Days after Congress slashed $2 million from the Bureau of Land Management's budget in response to public outcry over its wild horse roundups, BLM director Robert Abbey announced that the agency was "accelerating" reforms to the program, including reducing the number of mustangs removed from the range and redoubling efforts to treat the iconic animals humanely.
In a telephone press conference with reporters Thursday, Abbey revealed that the BLM plans to reduce the number of horses "gathered" from public lands in 2011 and 2012 from 10,000 to 7,600 a year, while increasing the use of fertility controls to maintain herd levels. The agency says the total number of wild horses currently on the range is roughly 10,000 more than the resources can support -- a figure strongly disputed by mustang advocacy groups.
"As we all know, this program is very costly to the American public," Abbey said. "If we can manage the wild horses on the rangeland, we will continue to do so."
The relocation program has been widely criticized not only for its cost -- there are now at least as many horses in holding pens and pastures run by private contractors as there are in the wild -- but for mistreatment of the animals during roundups; scenes of horses and burros being abused by handlers and run to exhaustion by helicopters have incensed lawmakers and prompted lawsuits challenging BLM's management of the herds.
Abbey insisted that reforms have been under discussion for some time and are not a response to the recent fiscal reprimand by the U.S. House of Representatives. However, he also conceded that one idea floated by Secretary of the Interior Ken Salazar in 2009, a proposal to relocate the horses to "preserves" back East to promote ecotourism, is no longer being considered. The so-called Salazar Initiative (dubbed "Salazoos" by opponents) would have cost $92 million just for the acquisition of the new horse ranches.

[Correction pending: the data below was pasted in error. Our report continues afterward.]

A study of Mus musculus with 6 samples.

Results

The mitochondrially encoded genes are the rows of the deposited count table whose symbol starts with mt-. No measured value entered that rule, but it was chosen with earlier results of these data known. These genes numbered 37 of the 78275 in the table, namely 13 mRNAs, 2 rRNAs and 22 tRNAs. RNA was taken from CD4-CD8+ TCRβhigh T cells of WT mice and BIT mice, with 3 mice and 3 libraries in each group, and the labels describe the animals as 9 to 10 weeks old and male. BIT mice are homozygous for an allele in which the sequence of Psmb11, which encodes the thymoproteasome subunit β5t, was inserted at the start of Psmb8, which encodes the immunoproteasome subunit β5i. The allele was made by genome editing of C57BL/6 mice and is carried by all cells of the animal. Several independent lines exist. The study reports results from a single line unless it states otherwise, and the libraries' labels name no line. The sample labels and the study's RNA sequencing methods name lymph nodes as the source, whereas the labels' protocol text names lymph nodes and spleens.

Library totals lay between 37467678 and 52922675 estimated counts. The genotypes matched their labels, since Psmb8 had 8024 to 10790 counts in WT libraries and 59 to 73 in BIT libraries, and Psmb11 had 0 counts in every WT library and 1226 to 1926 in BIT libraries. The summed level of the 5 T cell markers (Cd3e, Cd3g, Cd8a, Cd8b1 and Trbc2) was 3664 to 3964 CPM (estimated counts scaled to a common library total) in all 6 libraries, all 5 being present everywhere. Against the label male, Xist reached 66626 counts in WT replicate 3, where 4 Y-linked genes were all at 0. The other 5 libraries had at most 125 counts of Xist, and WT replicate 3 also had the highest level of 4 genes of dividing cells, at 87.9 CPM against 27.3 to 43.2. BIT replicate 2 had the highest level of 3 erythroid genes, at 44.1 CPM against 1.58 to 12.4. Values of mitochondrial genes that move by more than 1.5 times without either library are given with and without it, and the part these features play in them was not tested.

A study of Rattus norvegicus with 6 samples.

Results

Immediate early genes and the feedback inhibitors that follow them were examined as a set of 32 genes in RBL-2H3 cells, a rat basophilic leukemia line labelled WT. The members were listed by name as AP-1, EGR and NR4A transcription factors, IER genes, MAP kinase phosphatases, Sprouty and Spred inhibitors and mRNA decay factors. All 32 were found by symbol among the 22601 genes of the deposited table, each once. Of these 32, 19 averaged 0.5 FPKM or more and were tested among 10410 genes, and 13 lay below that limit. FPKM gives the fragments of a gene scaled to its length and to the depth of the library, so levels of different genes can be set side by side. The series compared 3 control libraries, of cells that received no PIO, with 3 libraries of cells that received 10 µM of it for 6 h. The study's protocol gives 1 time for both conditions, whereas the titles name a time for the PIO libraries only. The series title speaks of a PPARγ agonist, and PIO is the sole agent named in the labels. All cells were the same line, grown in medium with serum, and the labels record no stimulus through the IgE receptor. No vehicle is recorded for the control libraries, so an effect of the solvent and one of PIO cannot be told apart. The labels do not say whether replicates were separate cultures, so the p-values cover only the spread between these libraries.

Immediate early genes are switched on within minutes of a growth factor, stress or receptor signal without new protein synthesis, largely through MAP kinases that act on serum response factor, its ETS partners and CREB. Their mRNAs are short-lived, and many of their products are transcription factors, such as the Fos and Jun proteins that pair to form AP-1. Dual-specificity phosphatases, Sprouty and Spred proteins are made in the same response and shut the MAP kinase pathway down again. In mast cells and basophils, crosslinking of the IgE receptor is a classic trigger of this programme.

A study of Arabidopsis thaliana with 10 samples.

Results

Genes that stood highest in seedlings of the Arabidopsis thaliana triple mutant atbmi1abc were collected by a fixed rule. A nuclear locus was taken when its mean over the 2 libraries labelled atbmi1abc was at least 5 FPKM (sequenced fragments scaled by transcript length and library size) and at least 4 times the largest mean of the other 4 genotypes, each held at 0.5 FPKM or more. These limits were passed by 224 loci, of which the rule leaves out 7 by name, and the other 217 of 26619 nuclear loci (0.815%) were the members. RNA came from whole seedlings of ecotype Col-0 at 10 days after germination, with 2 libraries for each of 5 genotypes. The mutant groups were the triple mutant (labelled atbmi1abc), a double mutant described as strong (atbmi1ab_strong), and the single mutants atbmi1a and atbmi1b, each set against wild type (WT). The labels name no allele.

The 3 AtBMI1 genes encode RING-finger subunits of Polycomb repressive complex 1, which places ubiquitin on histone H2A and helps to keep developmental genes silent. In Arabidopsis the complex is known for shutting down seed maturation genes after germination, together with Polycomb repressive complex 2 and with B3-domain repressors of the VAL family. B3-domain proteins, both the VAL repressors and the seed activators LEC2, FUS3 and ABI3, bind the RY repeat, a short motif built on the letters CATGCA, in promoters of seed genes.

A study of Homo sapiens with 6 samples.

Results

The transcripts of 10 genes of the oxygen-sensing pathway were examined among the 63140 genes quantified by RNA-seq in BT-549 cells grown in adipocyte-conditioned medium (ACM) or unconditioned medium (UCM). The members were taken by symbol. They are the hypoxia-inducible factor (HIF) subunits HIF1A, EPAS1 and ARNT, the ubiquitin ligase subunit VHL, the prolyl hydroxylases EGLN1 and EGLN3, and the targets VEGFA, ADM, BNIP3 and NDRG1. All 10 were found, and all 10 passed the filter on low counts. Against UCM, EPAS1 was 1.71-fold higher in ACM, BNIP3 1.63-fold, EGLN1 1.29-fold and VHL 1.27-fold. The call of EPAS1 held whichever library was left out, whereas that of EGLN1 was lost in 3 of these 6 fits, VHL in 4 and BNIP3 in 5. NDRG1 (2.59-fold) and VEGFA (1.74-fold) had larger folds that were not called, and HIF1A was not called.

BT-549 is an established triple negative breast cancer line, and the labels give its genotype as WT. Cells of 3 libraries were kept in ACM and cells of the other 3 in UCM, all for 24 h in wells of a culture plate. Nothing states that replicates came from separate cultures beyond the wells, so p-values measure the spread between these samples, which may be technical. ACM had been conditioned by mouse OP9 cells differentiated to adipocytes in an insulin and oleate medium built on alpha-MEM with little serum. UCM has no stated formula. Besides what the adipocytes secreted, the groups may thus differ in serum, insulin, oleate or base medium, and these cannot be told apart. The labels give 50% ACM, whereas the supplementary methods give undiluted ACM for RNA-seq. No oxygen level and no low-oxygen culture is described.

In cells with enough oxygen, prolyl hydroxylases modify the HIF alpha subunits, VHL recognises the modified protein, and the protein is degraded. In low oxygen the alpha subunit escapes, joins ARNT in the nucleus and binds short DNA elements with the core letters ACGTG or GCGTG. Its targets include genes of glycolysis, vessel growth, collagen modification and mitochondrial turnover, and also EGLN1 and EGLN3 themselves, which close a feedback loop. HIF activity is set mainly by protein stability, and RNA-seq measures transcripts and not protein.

"Based upon the comments we received, it was very evident to us that the public did not like that idea," Abbey said.
Response to Abbey's announcement among animal welfare groups was generally positive but cautious. Matt Bershadker, a senior vice president of the American Society for the Prevention of Cruelty to Animals (ASPCA), issued a statement noting that "more than 15,000 wild horses and burros are still slated for round-up over the next two years, adding to the tens of thousands of wild horses currently languishing in long-term holding pens. However, we are encouraged that the BLM is taking the necessary steps to correct its inhumane and fiscally irresponsible policies before these iconic horses are completely eradicated."
To get additional details about planned changes to the wild horse management program, click here.
More from our Follow That Story archive: "More wild horse roundups (and protests) in the works."